OVER the last decade, the desire to grow food at home and in community gardens has grown rapidly, pushed along by people of all ages who feel that our food supply is in jeopardy.
In essence, the status quo just won't grow so people have taken matters into their own hands and gardens. I have to be careful talking about our food supply because the giant multinational corporations that control genetically modified or genetically engineered food production would sue me into poverty and shame for stating my opinion.
Genetically engineered food flashed onto the world scene around 1994 and since then GE foods have become a multibillion dollar business. One of the main claims of those foods was resistance to all manner of pest, diseases or environmental stress, supposedly making GE foods the superior choice to feed a hungry world. GE foods were also supposed to cut down on pesticide use in modern agriculture.
It seems the pesticide use has not declined; instead, it has increased across most pesticide types used in modern agriculture. In a report issued by the U.S. Environmental Protection Agency, glyphosate (Roundup) use in 2003 was 128 million pounds in the U.S. alone. In 2007, glyphosate use was 180 million pounds in the U.S. World pesticide use was approximately 5.2 billion pounds in 2006. The claim of GE supporters that less pesticide would be used has not happened because weeds and insects have adapted to continual spraying and evolved resistance to pesticides, rendering pesticide control ineffective.
GE foods do not require long-term testing to determine adverse affects to people or the environment. Typically three to six month studies are submitted by GE manufacturers to government regulatory bodies for review. And Health Canada doesn't do its own testing to determine the safety of GE foods to people or to understand the potential long-term adverse affects of GE's in the environment.
The following is a brief but not exhaustive list of foods that are genetically engineered: Corn, soy, sugar, aspartame, papayas, canola, cotton, zucchini and yellow squash to name a few. There are no Canadian laws that require GE foods to be labelled to allow the consumer the option of choice.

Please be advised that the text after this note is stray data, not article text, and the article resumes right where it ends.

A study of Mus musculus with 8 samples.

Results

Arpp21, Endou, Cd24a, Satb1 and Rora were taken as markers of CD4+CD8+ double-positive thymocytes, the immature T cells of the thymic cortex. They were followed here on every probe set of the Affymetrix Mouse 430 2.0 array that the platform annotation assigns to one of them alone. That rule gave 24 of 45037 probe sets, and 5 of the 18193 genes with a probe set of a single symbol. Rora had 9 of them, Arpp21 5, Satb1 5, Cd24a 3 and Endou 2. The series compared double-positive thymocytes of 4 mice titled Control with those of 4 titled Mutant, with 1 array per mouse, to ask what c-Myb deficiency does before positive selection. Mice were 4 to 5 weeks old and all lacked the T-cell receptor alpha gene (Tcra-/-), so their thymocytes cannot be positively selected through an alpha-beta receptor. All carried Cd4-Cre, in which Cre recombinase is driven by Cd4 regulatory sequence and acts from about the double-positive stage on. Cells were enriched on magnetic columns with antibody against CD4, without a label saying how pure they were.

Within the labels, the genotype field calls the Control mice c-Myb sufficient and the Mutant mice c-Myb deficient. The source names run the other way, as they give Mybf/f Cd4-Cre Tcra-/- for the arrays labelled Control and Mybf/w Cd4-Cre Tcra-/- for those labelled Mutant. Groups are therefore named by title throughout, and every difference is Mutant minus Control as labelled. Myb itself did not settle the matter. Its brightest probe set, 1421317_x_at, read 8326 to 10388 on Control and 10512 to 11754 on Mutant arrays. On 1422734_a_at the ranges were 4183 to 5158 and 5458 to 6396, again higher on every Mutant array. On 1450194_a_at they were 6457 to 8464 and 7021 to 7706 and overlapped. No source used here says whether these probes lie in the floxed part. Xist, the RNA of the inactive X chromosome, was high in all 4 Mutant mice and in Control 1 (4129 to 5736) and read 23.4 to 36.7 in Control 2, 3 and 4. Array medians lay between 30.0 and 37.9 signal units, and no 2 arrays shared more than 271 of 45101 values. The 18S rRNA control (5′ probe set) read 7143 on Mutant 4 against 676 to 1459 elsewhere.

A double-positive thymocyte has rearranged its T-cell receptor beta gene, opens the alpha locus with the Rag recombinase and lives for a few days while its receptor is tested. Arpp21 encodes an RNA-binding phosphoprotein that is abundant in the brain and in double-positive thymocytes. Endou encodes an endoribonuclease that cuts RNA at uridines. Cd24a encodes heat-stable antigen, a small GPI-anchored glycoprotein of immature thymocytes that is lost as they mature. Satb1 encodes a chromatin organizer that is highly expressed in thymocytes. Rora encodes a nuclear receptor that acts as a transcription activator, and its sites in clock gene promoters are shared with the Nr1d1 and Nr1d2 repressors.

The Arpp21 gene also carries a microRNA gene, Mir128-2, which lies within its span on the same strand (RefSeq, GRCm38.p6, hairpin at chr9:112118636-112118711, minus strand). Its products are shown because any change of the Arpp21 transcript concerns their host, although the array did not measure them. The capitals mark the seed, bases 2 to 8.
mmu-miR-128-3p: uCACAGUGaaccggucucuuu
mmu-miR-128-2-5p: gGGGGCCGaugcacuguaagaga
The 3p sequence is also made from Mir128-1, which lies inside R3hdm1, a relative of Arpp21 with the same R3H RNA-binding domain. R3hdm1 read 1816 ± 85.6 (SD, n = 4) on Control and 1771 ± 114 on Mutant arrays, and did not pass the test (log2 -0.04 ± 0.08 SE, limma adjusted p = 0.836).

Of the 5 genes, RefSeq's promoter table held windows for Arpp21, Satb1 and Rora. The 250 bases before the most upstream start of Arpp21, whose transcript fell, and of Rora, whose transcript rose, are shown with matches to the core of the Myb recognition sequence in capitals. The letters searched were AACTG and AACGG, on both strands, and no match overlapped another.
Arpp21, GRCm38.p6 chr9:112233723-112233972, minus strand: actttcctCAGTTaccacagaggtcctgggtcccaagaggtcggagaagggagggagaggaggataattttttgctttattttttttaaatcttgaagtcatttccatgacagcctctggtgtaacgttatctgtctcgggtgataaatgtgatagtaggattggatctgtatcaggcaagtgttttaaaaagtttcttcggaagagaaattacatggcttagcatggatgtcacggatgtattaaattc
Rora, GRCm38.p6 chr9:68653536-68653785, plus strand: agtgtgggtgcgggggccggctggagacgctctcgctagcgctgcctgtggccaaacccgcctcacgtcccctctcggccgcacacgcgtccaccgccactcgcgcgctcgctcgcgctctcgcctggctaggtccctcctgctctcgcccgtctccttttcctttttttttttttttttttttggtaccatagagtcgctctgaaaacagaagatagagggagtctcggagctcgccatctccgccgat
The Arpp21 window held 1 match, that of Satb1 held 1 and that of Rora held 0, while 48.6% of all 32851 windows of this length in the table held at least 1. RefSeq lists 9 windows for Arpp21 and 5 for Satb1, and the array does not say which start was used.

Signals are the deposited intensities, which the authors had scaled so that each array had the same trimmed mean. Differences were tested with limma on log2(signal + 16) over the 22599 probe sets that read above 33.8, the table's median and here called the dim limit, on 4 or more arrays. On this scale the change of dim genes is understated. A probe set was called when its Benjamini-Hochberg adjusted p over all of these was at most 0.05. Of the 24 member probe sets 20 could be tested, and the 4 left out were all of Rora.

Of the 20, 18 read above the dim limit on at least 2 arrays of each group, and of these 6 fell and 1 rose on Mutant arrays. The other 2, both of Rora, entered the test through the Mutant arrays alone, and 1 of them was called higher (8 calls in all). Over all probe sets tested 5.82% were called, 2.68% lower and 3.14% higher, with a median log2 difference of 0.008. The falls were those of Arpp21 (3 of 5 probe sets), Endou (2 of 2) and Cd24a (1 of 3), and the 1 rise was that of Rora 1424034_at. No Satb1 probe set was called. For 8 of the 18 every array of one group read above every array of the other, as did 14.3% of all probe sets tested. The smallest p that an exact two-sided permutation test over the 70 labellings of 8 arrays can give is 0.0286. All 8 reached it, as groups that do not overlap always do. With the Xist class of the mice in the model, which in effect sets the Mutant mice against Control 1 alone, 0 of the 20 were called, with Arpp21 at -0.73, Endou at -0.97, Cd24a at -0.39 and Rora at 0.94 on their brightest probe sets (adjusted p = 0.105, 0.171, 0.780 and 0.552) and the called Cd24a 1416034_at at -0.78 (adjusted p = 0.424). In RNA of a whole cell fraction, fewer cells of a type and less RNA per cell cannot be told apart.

Transgenic contamination is another problem with GE foods. Wikipedia defines this as the uncontrolled spread of genetic information (transgenes) into organisms in which such genes are not present in nature. Essentially, the engineered genetic information found in GE foods spreads out into the environment and hybridizes or integrates with plants that have never been exposed to such genes. The long-term problems with transgenic contamination are still not understood. However, one well understood fact of such contamination is the reality that U.S. farmers (and eventually Canadian farmers) will soon have to self-insure their farms to prevent lawsuits by GE companies that do not permit their patented crops to be grown by anyone without payment and permission, regardless of the fact that the contamination was not caused by the farmer but GE food seed was spread by wind or water.
The long-term affects in the environment and for people eating GE foods are unknown and concerned citizens urge the use of the precautionary principle before accepting mass production of GE foods. To illustrate the potential dangers, a quote by Paula Hartman Cohen of the Harvard Public Health Review stated in 2006 that, "It is claimed that Americans have eaten GM foods for years with no ill effects. But these foods are unlabeled in the U.S. and no one has monitored the consequences. With other novel foods like transfats, it has taken decades to realize that they have caused millions of premature deaths."
Richmond, Powell River, Salt Spring Island, Nelson, Rossland and Kaslo have enacted bylaws banning scientifically altered crops. It is interesting to note that a major GE food and pesticide manufacturer sent a lobbyist to the Richmond council meeting to try to have the bylaw watered down or eliminated. I would rather not say who that company was out fear of being sued. And fear is a powerful motivator used by GE companies that have large legal teams to keep people in line and prevent dissenting opinions from being heard.
According to Greenpeace, a Decima poll commissioned by the Consumers Association of Canada (October 2003) revealed that 88 per cent of Canadians believe that labels for GE foods should be made mandatory by the Canadian government. Forty countries have mandatory labeling laws for GE food, but not Canada. Greenpeace (greenpeace. ca) offers a Green List of food alternatives that are GE food free and a Red List of companies that sell everything from baby food to baking ingredients that contain GE foods. All I can say is learn the truth and choose your food sources wisely.